Susan Schneider Williams describes Robin Williams’ final months in an essay she had sent to the medical journal Neurology. The late actor’s wife is still struggling to find answers about her husband’s mental illness which she calls “the terrorist inside my husband’s brain”.
Schneider wrote the essay especially for the medical journal Neurology in hopes that it would shed more light on the research conducted about her late husband’s mental illness, that the specialists had diagnosed too late. Robin Williams was suffering from Lewy Body Disease, or LBD. It an illness that his wife calls “the terrorist inside my husband’s brain”. She titles her essay the same and gives a glimpse over Williams’s final months. “Perhaps this will add a few more faces behind the why you do what you do.”
Williams got an LBD diagnosis three months after his death. The coroner has stated in the report of the autopsy that diffuse LBD played a major role in the actor’s suicide. All the doctors that had taken part in the research said the same thing, adding that it was one of the worst cases they had encuntered. „He had about 40% loss of dopamine neurons and almost no neurons were free of Lewy bodies throughout the entire brain and brainstem,” Schneider recalls.
As she continues her essay, Williams’ wife writes about the foundation of their relationship and their strong connection. She says they were constantly sharing, from hopes and fears, to everyday experiences. This helped her spot changes in his behavior, even though not cleary attirbuted to any condition at that time. Signs of the undiagnosed-then LBD started surfacing in October of 2013. Aside from physical symptoms of constipation, urinary difficulty, heartburn, sleeplessness and insomnia, shaking in his left hand and the loss of smell, Williams was dealing with alot of stress. „His fear and anxiety skyrocketed to a point that was alarming”. Schneider remembers she was asking herself whether her husband had become a hypocondriac. A year after his death, she learned that all those signs together were syptoms of the disease.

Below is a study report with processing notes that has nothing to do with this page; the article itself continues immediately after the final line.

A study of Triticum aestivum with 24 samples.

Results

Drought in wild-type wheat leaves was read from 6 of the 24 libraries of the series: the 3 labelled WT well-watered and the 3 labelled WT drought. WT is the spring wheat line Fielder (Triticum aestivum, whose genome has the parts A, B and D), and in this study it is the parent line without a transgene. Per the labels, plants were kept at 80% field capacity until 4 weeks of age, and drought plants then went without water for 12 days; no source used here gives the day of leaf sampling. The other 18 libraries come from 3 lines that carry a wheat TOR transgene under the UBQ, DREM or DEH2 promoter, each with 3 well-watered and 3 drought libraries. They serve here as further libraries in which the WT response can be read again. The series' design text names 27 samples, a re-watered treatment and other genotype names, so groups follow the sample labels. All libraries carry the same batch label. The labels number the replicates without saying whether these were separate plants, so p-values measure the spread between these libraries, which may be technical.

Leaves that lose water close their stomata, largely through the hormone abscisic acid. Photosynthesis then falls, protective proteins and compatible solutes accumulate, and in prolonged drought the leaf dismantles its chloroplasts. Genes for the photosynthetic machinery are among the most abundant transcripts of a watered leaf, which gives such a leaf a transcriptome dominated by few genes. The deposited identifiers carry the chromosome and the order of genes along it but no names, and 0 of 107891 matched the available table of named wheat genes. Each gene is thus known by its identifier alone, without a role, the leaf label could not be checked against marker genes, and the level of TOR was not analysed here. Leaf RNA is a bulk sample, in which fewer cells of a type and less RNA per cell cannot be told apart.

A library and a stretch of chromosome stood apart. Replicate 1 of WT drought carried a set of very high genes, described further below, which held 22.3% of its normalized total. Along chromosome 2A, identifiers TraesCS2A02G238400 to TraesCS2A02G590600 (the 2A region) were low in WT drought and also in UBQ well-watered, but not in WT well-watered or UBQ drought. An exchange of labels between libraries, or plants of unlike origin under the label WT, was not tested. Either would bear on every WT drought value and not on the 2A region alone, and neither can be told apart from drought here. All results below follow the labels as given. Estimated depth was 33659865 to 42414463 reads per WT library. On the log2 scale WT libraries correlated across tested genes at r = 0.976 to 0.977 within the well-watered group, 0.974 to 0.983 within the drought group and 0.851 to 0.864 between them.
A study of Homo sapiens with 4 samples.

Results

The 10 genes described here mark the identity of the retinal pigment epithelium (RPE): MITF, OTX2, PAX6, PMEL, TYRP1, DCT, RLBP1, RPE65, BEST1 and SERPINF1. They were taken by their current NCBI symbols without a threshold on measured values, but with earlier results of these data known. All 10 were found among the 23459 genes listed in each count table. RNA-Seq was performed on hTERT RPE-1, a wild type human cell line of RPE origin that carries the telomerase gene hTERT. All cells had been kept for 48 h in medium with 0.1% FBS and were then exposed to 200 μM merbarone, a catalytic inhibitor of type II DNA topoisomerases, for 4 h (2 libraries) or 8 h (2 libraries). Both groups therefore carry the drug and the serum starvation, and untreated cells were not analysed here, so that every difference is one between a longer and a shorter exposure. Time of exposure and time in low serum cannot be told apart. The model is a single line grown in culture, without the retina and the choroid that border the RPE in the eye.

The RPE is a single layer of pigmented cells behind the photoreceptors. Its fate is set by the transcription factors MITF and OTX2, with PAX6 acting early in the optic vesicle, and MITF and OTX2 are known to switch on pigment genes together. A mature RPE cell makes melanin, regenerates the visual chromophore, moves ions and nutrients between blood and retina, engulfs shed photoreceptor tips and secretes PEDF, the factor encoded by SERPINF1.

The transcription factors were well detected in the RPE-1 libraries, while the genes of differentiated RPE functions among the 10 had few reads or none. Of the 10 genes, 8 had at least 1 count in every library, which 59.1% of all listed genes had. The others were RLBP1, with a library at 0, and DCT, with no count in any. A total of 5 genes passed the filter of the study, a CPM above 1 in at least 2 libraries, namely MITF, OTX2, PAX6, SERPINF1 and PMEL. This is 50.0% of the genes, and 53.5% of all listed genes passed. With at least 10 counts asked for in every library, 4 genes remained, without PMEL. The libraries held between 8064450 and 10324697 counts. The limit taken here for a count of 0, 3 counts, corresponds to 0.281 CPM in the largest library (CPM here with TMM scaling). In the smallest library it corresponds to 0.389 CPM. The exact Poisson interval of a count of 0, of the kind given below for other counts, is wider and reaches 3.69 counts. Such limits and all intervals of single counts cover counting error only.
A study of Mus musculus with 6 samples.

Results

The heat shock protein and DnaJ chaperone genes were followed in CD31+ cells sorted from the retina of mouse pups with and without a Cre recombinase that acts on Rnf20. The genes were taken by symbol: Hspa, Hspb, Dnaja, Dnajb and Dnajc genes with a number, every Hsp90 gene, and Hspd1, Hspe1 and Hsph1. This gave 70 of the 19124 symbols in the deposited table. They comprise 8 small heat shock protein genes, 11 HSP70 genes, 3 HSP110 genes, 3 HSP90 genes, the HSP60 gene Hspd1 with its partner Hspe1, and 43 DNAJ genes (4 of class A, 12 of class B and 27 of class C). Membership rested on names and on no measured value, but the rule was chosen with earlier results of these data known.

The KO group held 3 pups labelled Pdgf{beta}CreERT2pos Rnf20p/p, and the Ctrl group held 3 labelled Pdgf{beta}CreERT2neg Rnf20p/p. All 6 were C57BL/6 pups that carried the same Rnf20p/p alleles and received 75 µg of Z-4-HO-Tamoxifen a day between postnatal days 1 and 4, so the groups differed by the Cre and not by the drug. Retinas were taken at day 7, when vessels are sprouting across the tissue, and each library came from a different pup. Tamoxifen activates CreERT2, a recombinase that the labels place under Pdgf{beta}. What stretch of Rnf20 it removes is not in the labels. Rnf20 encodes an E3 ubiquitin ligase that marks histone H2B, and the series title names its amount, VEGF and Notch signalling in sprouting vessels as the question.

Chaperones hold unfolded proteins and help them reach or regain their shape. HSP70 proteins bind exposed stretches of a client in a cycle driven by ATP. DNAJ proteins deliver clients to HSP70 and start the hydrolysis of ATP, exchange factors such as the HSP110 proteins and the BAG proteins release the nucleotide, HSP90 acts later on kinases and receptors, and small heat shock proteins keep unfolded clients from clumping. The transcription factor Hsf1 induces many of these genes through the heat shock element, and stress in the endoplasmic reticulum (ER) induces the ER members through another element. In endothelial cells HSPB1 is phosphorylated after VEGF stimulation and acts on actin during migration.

In just a couple of month, Williams’ condition was getting worse fast. „By wintertime, problems with paranoia, delusions and looping, insomnia, memory, and high cortisol levels—just to name a few—were settling in hard.” The following months he had a panic attack, was losing his memory and was diagnosed with Parkinson’s disease. As his wife puts it, he was drowning in symptoms and she was drowning with him.
„Robin was losing his mind and he was aware of it”, she writes.
Looking back, all his symptoms were LBD, but the doctors did not come up with the diagnosis because the actor was lacking one important differential symptom: he was not accusing hallucinations. Later on, after his death, the doctors who examined his brain were sure that he had. „A year after he left, in speaking with one of the doctors who reviewed his records, it became evident that most likely he did have hallucinations, but was keeping that to himself.” Instead, he kept on saying :“I just want to reboot my brain.”
Robin Williams commited suicide in August 2014, at his home in Paradise Cay, California.
LBD is a type of progressive neurodegenerative dementia, with no cure at the moment.
Almost 1.5 million peope in the United States are suffering from LBD at present.
Read Susan Schneider Williams’ essay, The terrorist inside my husband’s brain, here.